Any old thing was good enough for Martha. But she put on her best blue dress, and there she was, as pretty a little maid as ever walked under the birch trees in spring.
The old man harnessed the mare to the sledge and brought it to the door. The snow was very deep and frozen hard, and the wind peeled the skin from his ears before he covered them with the flaps of his fur hat.
"Sit down at the table and have a bite before you go," says the old woman.
The old man sat down, and his daughter with him, and drank a glass of tea and ate some black bread. And the old woman put some cabbage soup, left from the day before, in a saucer, and said to Martha, "Eat this, my little pigeon, and get ready for the road." But when she said "my little pigeon," she did not smile with her eyes, but only with her cruel mouth, and Martha was afraid. The old woman whispered to the old man: "I have a word for you, old fellow. You will take Martha to her betrothed, and I'll tell you the way. You go straight along, and then take the road to the right into the forest ... you know ... straight to the big fir tree that stands on a hillock, and there you will give Martha to her betrothed and leave her. He will be waiting for her, and his name is Frost."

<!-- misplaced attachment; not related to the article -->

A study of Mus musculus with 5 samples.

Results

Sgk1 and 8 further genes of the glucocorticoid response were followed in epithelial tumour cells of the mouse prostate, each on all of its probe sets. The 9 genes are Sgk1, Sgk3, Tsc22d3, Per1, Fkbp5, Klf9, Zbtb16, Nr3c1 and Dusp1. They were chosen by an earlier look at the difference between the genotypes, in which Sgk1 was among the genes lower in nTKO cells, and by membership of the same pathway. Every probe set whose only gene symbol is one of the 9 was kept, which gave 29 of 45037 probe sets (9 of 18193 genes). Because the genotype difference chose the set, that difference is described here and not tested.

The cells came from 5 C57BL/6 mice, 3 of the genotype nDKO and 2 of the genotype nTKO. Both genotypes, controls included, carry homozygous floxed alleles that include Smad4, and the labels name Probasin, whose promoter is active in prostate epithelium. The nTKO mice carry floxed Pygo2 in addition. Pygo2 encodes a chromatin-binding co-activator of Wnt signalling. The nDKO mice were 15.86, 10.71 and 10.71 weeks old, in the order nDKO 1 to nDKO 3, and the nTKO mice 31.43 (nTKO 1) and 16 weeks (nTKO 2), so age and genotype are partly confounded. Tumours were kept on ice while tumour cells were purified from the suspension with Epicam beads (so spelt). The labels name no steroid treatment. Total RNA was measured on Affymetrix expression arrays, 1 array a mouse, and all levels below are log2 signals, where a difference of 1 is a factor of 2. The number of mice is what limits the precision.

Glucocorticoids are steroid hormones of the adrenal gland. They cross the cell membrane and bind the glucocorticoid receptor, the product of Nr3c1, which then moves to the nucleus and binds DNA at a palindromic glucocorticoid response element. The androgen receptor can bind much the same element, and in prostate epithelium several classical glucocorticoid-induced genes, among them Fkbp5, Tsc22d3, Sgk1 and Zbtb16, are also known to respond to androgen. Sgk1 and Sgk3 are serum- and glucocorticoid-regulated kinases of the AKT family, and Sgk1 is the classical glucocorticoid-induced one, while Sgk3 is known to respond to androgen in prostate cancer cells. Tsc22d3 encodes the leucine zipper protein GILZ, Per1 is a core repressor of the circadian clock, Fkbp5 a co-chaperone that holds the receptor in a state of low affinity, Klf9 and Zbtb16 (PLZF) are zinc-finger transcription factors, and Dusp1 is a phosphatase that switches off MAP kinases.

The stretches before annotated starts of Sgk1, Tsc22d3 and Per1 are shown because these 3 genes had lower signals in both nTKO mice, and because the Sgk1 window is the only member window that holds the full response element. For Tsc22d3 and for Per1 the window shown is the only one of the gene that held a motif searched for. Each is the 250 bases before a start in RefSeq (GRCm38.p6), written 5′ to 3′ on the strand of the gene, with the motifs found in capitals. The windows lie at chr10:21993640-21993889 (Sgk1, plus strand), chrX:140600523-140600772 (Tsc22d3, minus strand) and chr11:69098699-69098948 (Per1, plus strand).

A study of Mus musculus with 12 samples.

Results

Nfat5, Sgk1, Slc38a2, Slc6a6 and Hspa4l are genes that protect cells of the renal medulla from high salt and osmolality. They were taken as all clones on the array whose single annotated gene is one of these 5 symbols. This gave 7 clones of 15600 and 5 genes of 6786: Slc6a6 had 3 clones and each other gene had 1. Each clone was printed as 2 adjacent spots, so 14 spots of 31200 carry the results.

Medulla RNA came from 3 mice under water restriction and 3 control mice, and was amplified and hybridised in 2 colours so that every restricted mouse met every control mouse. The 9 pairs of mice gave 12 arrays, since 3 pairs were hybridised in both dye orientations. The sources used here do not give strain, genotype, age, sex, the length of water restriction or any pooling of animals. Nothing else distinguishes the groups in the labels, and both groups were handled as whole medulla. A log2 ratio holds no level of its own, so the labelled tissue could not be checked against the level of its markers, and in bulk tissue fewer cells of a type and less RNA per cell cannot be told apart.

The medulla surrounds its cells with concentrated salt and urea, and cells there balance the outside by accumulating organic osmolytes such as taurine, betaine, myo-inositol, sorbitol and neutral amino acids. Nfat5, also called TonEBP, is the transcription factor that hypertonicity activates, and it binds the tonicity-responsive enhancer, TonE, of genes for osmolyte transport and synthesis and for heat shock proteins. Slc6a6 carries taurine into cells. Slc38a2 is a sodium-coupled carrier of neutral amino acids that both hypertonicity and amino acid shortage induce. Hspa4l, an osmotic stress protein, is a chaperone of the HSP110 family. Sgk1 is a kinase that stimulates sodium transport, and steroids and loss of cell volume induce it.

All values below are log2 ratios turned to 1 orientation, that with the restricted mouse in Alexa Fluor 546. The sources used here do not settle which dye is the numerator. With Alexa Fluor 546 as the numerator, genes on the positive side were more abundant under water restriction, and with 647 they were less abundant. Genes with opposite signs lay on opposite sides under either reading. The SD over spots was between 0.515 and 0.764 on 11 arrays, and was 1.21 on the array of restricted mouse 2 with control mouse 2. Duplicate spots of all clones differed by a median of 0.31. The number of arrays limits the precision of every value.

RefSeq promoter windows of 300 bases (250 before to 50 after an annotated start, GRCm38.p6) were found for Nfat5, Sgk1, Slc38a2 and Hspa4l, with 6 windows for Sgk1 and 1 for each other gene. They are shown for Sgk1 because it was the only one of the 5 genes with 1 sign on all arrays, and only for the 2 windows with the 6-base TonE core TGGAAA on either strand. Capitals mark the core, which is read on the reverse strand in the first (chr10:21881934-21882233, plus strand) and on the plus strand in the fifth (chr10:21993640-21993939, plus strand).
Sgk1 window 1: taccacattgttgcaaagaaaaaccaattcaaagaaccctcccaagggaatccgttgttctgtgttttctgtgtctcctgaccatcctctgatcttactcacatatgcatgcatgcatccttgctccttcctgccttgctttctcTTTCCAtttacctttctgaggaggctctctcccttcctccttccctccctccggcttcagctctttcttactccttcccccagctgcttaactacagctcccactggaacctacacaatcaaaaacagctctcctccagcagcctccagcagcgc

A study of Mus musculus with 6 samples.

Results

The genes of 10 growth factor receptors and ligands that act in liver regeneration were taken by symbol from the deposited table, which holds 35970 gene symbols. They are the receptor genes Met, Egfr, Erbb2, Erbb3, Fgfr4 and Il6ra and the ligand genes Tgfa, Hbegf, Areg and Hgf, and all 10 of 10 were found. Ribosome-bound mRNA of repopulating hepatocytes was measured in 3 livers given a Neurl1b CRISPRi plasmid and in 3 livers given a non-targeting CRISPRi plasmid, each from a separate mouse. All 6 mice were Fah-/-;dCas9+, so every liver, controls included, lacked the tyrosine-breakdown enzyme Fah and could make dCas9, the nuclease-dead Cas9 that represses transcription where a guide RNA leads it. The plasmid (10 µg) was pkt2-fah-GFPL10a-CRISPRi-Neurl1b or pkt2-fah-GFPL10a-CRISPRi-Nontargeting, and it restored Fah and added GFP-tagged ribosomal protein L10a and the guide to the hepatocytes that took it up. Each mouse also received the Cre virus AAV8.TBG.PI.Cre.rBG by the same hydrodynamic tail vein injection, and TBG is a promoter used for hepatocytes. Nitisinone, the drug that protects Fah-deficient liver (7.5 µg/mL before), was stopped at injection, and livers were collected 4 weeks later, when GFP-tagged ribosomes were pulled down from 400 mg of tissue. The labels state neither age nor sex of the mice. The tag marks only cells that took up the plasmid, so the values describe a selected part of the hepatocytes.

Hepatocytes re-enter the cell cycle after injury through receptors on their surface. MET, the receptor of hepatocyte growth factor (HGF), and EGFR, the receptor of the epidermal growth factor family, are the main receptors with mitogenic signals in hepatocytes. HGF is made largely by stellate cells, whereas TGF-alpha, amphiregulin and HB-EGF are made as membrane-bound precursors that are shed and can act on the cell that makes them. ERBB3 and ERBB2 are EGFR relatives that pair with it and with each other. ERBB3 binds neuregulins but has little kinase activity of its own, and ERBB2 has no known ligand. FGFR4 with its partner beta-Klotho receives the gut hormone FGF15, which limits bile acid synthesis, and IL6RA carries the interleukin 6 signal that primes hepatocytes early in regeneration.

The old man stared, opened his mouth, and stopped eating. The little maid, who had heard the last words, began to cry,
"Now, what are you whimpering about?" screamed the old woman. "Frost is a rich bridegroom and a handsome one. See how much he owns. All the pines and firs are his, and the birch trees. Any one would envy his possessions, and he himself is a very bogatir, a man of strength and power."
The old man trembled, and said nothing in reply. And Martha went on crying quietly, though she tried to stop her tears. The old man packed up what was left of the black bread, told Martha to put on her sheepskin coat, set her in the sledge and climbed in, and drove off along the white, frozen road.
The road was long and the country open, and the wind grew colder and colder, while the frozen snow blew up from under the hoofs of the mare and spattered the sledge with white patches.